World governments have to do more to protect girl children against violence and discrimination
Girls in the entire world are still facing discrimination and violence, according to a new report released by international organisations.
The report released by the United Nations International Children’s Emergency Fund (UNICEF), Plant International and UN Women says that although today more girls attain primary and secondary education leading to a reduction in illiteracy levels, they are still subjected to violence.
Titled ‘ A New Era for Girls: Taking stock on 25 years of progress’, the reports indicates that 25 years later after the Beijing Declaration and Platform of Action, violence and discrimination continue plaguing girls.
Ahead of the 64th session of the Commission on the Status of Women, the report says that there still remain child marriages, Female Genital Mutilation (FGM) and rape. The report adds that these harmful acts put girls at disadvantage more than their male counterparts.
The UNICEF Executive Director, Ms Henrietta Fore calls upon countries in the entire world to scale up their efforts so that girls can live in a safer environment.
She says that until governments consider protection, girls will continue being subjected to violence and discrimination.
“Twenty-five years ago, the world’s governments made a commitment to women and girls. But they have only made partial good on that promise. While the world has mustered the political will to send many girls to school, it has come up embarrassingly short on equipping them with the skills and support they need not only to shape their own destinies but to live in safety and dignity.”
Ms Fore continues that there is need for people’s attitudinal change so that girls are given a chance to prevail.
“Access to education is not enough-we must also change people’s behaviours and attitudes towards girls. True equality will only come when all girls are safe from violence, free to exercise their rights, and are able to enjoy equal opportunities in life.”
UNICEF statistics indicate that girls and women accounted for 70 percent of detected trafficking victims globally most of them for sexual exploitation in 2016. Figures estimate that one in every 20 girls between 15-19 years old has been raped.
In Uganda, 2018 the Violence Against Children Survey showed that one in every three girls experience sexual violence during childhood while three in 10 experience physical violence. Eight in 10 girls experienced emotional violence.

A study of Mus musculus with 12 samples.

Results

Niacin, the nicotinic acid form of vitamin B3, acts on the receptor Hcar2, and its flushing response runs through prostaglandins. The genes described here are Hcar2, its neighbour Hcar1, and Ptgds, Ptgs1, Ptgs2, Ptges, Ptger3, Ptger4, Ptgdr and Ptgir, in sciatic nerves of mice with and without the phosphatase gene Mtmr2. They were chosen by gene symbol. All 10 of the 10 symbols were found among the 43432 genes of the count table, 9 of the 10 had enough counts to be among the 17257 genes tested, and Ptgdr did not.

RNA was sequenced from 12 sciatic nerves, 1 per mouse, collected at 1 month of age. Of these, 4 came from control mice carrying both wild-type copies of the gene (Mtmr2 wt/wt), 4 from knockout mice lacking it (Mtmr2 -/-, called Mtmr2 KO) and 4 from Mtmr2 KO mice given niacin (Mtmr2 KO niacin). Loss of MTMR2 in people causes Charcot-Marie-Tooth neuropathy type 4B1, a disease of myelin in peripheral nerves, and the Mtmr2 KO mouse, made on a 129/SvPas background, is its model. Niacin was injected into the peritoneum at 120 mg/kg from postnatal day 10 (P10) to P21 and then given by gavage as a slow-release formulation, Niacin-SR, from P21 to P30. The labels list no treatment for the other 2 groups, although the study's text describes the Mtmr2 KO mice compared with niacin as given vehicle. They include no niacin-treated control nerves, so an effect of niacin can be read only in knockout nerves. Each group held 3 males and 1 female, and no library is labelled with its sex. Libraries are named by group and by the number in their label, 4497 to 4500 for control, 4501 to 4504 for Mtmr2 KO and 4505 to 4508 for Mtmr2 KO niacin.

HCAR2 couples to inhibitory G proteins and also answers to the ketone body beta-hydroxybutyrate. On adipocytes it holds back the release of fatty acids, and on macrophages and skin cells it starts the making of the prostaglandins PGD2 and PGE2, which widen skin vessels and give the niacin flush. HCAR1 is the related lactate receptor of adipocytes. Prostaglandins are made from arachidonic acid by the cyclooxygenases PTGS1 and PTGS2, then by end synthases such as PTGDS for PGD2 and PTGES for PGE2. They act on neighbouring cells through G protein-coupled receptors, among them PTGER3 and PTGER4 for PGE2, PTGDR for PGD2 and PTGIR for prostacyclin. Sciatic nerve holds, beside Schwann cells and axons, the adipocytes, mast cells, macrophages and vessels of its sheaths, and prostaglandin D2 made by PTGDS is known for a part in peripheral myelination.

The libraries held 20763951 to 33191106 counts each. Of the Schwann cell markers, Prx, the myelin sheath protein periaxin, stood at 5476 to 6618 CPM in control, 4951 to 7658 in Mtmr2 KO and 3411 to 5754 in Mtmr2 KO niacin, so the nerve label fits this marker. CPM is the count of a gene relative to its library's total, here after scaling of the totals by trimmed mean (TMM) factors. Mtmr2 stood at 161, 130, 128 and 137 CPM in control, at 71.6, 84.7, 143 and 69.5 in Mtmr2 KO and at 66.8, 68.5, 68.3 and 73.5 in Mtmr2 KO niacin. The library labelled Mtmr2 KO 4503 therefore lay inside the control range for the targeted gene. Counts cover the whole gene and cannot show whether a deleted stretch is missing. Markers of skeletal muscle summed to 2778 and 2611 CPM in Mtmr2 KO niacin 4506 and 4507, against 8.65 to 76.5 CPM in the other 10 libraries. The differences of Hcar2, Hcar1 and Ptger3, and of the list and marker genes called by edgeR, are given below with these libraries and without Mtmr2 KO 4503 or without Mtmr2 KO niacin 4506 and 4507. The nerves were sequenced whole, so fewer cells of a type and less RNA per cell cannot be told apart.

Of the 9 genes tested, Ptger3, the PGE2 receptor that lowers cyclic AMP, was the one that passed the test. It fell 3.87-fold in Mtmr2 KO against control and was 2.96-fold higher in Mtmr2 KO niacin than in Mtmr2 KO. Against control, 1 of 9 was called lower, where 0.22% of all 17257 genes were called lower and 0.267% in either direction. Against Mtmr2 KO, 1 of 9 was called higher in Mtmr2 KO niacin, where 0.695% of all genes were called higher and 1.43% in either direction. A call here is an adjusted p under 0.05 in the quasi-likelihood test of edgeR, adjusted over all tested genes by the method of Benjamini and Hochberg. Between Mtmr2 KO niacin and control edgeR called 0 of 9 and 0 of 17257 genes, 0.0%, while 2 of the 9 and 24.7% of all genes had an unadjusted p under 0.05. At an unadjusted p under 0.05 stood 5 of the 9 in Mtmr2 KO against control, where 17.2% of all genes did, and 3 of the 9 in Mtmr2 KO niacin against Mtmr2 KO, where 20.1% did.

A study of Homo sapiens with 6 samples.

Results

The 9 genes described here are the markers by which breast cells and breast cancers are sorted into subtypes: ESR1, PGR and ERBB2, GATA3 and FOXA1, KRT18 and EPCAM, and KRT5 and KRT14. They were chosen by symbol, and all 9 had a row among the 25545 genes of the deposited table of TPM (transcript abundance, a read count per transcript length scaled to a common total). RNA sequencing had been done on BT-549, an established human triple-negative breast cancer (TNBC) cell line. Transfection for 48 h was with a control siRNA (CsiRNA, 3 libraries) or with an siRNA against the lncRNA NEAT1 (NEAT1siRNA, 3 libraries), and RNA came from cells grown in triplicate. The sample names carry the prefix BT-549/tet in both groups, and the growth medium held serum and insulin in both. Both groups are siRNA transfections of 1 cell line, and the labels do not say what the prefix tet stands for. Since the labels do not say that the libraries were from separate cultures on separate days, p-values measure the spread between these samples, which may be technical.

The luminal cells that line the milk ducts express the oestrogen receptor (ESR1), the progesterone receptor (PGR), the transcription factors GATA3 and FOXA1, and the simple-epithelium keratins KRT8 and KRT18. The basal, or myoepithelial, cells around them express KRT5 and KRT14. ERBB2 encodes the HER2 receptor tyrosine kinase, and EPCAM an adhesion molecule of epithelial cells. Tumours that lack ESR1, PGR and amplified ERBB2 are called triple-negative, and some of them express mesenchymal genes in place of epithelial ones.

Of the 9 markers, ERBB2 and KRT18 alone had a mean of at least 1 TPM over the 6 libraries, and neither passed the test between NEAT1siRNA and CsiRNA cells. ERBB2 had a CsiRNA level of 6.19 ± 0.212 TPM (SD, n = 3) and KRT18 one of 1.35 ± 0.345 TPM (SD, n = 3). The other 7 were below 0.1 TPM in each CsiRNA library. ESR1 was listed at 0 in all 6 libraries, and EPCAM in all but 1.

Also, early marriage and female genital mutilation continue to be practised in some parts of the country with an estimated 40.4 percent of 20-49-year-old women were married by the age of 18; 11.6 percent were married by the age of 15 and one in four teenage girls from 15-19 years are pregnant or have a child.
The Plan International Chief Executive Officer, Ms Birgitte Albrectsen, says that the report findings give a holistic image for girls 25 years after the Beijing Declaration adding that if nothing is done to end discrimination against girls, the world will not ably achieve the 2030 gender equality agenda.
“Adolescent girls, in particular, suffer heightened discrimination as a result of their age and gender and yet continue to be sidelined in their communities and in decision making spaces, largely invisible in government policy”.
“Empowering adolescent girls yields a triple societal benefit for girls today, the adults they become, and the next generation of children. If we fail to grasp this and to end the discrimination girls continue to face the world over, we will stand little chance of achieving the gender equality ambitions set out in Agenda 2030,” she says.
It has further been noted that girls today are more liable to suffer from mental ill-health than before. Suicide is currently the second leading cause of death among adolescent girls aged 15-19, surpassed only by maternal conditions.
Girls also remain at high risk of sexually transmitted infections, including HIV, with 970,000 adolescents aged 10-19 with HIV today compared to 740,000 girls in 1995. Adolescent girls aged 10-19 still account for around three in four new infections among adolescents worldwide.
The UN Women Executive Director, Ms Phumzile Mlambo-Ngcuka, notes that even if girls are educated, they will not be able to take up their rightful positions at the workplace if other factors such as violence are not dealt with.
“Since 1995 in Beijing, when a specific focus on ‘girl-child’ issues first emerged, we have increasingly heard girls assert their rights and call us to account. But the world has not kept up with their expectations of responsible stewardship of the planet, a life without violence, and their hopes for economic independence”.
“As long as women and girls have to use three times the time and energy of men on looking after the household, equal opportunities for girls to move from school into good jobs in safe workplaces are going to be out of reach,” Ms Mlambo-Ngcuka observes.